Over the years I've had many conversations with parents and colleagues about homework in first grade. Boy, it's a hot topic! My personal belief is that young children need to have time to be kids and have some social, emotional and physical needs met before spending time on homework.
- Our kids need time with family and friends to develop key social and language skills.
- Our kids need time to exercise and play outdoors.
- Our kids need to develop a love of learning that exists outside of school.
We all know that my list is "in a perfect world." Our world isn't perfect. Some families are stretched for time, and homework creates additional stress for them. Other parents want their children to have homework because they want their children to get ahead. Finally, there are those families that don't want the homework, but their children really need it because they are so far behind.
To reconcile the gap between my beliefs, what parents want, and what children need, I've come up with differentiated homework options for my students. They're not necessarily differentiated in terms of student ability, but more in terms of what families need, want, and can manage. At the beginning of the year, I review these options with parents and let them tell me what works best for them.
Option 1: Reading Log
It goes without saying that children need to read and be read to every night. Many of us have students use reading logs to track their reading. As a parent, I didn't do too well with reading logs when my boys were young. We read a lot, but we couldn't seem to maintain the reading logs that sat by their beds. As a result, we'd have a mad scramble to fill them out the morning they were due.
Even though they didn't work for us, reading logs are great option for many families. Over the years, I've encountered families who use the reading log as a tool. For those families, the reading log is invaluable because it helps them keep on track with fulfilling recommended reading times.
For those families, I provide a reading log. Here's a free copy for you!
Option 2: Monthly Homework Calendars
Another homework option is monthly homework calendars. I like homework calendars because busy families can choose what works for them. I ask families to select 3-4 activities a week, but they can chose which activities to do. They don't have to do an activity on the corresponding day. In other words, if it's April 6, but they'd rather do the April 7 activity, that's fine with me.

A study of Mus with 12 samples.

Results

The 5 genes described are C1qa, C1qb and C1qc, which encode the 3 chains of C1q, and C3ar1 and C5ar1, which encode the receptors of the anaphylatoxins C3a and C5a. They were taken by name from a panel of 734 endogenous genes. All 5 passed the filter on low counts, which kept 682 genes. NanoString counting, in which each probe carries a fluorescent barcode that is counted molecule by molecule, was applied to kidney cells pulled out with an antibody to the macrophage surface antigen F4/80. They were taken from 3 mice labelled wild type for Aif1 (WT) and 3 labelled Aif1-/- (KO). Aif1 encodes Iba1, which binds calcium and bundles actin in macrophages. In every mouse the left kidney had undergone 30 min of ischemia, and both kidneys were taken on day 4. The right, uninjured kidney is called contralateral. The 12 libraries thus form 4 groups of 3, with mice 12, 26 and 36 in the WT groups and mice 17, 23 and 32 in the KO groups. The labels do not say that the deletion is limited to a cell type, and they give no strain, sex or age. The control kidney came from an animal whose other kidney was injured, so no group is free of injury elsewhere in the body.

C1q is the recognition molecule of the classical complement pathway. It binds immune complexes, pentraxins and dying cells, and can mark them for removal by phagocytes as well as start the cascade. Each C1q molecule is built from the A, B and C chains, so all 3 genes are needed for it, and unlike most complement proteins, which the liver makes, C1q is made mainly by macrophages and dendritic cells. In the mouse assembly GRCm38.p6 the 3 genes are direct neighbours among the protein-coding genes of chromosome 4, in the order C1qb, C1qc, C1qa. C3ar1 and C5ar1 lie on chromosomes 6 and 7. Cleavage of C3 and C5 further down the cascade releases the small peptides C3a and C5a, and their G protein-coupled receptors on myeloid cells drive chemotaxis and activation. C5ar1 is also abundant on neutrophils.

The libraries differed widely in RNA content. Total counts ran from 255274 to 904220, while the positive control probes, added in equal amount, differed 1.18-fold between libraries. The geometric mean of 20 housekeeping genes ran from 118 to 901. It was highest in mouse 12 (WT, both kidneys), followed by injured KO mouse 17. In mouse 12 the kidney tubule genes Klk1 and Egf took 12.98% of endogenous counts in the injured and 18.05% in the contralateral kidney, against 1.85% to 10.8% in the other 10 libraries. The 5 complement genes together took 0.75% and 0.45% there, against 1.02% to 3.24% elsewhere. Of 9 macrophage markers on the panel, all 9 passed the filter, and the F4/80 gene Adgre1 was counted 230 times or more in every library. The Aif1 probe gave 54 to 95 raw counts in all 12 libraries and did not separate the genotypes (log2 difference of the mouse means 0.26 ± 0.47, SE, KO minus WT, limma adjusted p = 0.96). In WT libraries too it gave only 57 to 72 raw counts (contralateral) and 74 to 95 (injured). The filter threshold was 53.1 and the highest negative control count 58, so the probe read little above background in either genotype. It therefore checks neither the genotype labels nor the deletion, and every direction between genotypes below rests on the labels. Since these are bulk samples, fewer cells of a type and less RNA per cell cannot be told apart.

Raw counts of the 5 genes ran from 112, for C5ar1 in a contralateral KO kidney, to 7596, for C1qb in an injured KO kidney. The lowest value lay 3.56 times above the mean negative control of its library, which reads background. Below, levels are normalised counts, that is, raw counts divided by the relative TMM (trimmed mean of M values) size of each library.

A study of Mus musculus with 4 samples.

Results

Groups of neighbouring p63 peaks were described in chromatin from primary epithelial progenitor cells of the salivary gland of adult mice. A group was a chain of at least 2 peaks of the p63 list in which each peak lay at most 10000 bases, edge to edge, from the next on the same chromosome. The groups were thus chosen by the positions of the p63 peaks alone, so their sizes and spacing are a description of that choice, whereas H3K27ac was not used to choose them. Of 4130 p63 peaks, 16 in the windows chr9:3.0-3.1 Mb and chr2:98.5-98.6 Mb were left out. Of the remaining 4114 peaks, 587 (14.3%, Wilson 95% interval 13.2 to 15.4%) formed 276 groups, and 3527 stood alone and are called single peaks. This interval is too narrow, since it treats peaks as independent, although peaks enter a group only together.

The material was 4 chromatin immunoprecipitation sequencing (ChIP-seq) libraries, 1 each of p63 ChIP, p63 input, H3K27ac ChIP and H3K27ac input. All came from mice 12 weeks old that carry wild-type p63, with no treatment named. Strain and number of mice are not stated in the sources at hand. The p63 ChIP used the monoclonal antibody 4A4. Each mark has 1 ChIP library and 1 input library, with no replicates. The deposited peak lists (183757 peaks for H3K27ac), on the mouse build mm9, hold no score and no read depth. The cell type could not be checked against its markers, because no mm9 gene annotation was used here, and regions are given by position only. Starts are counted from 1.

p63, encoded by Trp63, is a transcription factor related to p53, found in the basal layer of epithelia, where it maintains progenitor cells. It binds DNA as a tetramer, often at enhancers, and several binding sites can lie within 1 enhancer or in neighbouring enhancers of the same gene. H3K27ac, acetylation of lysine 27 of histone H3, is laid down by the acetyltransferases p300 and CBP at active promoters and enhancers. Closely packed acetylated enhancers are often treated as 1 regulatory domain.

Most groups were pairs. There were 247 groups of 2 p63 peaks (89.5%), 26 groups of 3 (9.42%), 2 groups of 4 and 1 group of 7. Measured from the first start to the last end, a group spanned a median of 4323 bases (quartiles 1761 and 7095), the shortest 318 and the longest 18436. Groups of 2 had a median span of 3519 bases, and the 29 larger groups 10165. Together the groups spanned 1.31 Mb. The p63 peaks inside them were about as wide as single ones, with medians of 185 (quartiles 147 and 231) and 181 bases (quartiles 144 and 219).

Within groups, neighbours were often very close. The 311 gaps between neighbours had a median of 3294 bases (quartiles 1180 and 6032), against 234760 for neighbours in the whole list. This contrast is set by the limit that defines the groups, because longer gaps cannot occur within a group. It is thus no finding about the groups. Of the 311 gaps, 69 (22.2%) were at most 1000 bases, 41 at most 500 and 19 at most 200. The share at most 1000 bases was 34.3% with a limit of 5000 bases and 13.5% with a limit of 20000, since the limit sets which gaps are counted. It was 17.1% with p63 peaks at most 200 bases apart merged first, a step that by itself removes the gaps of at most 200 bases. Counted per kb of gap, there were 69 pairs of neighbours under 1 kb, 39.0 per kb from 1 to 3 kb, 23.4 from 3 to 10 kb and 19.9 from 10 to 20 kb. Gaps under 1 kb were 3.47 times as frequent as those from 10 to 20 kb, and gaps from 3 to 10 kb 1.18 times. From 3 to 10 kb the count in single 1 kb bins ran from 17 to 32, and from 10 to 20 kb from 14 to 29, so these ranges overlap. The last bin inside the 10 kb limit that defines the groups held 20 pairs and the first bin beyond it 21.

At the beginning of each month, I send home a packet with the month's homework calendar and lined paper so my students have appropriate paper at home to do the writing activities. As students do a writing activity, they simply date the journal page, and do the writing activity under the date. They do the next activity under the previous one. They return the completed packet to me at the end of the month.
My Monthly Homework Calendar is now editable, and available in my Teachers Pay Teachers Store for $5.
Option 3: Take-Home Thematic Bags
These are by far my favorite homework option! I can't take credit for them. Several of my parent volunteers have worked over the years to make these amazing kits. Each bag is filled with a variety of thematic educational activities, related props (such as toys), books, student and parent journals, and additional supplies such as crayons and glue. Parents and kids LOVE them!I gathered the majority of the contents from my own resources, but the ideas and print-outs came from Literacy Bags by Kathy Howell.
Option 4: Individualized Homework
As the school year progresses, and I get to know my students' needs, I individualize homework, as needed. I make recommendations about what families can do at home with their kids to build specific skills, and provide resources accordingly. For example, I might send home practice activities for building sight word knowledge. Invariably, everyone gets extra practice sheets for word problems at some point.
Overall, I'm pretty flexible with families about homework as the year progresses. I find that most of my families appreciate the freedom and flexibility and are committed to working on homework with their children. The result is happy kids, happy parents, and a happy me!
I'd love to hear what you do for homework with your students!